According to research conducted by Sonke Gender Justice, women are at greater risk of violence, sexual harassment, and sexual assault on public transport. This makes safety a major concern for the countless women and girls who use South Africa’s taxi network every day. This 5-episode series of short radio dramas was produced to encourage conversation and debate around sexual and gender-based violence (SGBV) in the taxi industry, raise awareness of women’s rights, inform people about where to access services, and also prompt dialogue on how we can all be part of solutions and responses to make public transport safer for everyone.
Safe Ride! radio drama
It’s always busy at the Ulwazi taxi rank – every day thousands of people pass through this busy hub, catching a taxi to go to work and school, to go shopping or visit family, and then home again. Here you will meet a colourful cast of characters. There’s Bra Dzunani, the queue marshal who keeps everything in order, Mamikie the food seller, who dishes out sound advice along with her meals, and school friends Kane and Kgaogelo. But you’ll also meet some characters who threaten everyone’s ability to have a Safe Ride. Thapelo the taxi driver who constantly harasses the women and girls who pass his way. And on one dangerous ride, Kgaogelo confronts a driver who will not take no for an answer. What will happen at Ulwazi taxi rank? And how can we all be part of putting the brakes on gender-based violence? Tune in to the Safe Ride radio dramas.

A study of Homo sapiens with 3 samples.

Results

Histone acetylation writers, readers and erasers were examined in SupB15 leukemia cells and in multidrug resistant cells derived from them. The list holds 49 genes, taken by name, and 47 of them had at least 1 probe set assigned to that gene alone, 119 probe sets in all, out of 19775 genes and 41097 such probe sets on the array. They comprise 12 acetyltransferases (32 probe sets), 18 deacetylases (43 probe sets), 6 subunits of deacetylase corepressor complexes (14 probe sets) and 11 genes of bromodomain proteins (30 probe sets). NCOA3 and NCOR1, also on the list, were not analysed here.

Safe Ride! Facilitation Guide
Download the facilitator’s guidebook, which includes:
- Episode summaries – outlining the story of each of the radio dramas
- Discussion questions for presenters and discussion facilitators
- Background information about sexual violence in taxis
- Contacts for more information
This short three-minute video takes community radio presenters through a simple five step process that will help in the facilitation of the drama.
Listen to and download the Safe Ride radio dramas
During a two-day workshop held in Johannesburg on 18 and 19 September 2018, campus and community radio station presenters were trained on how to facilitate the drama and encourage dialogue on air. These images capture the creative process of developing radio strategies aimed to engage the audience and facilitate discussions in the community.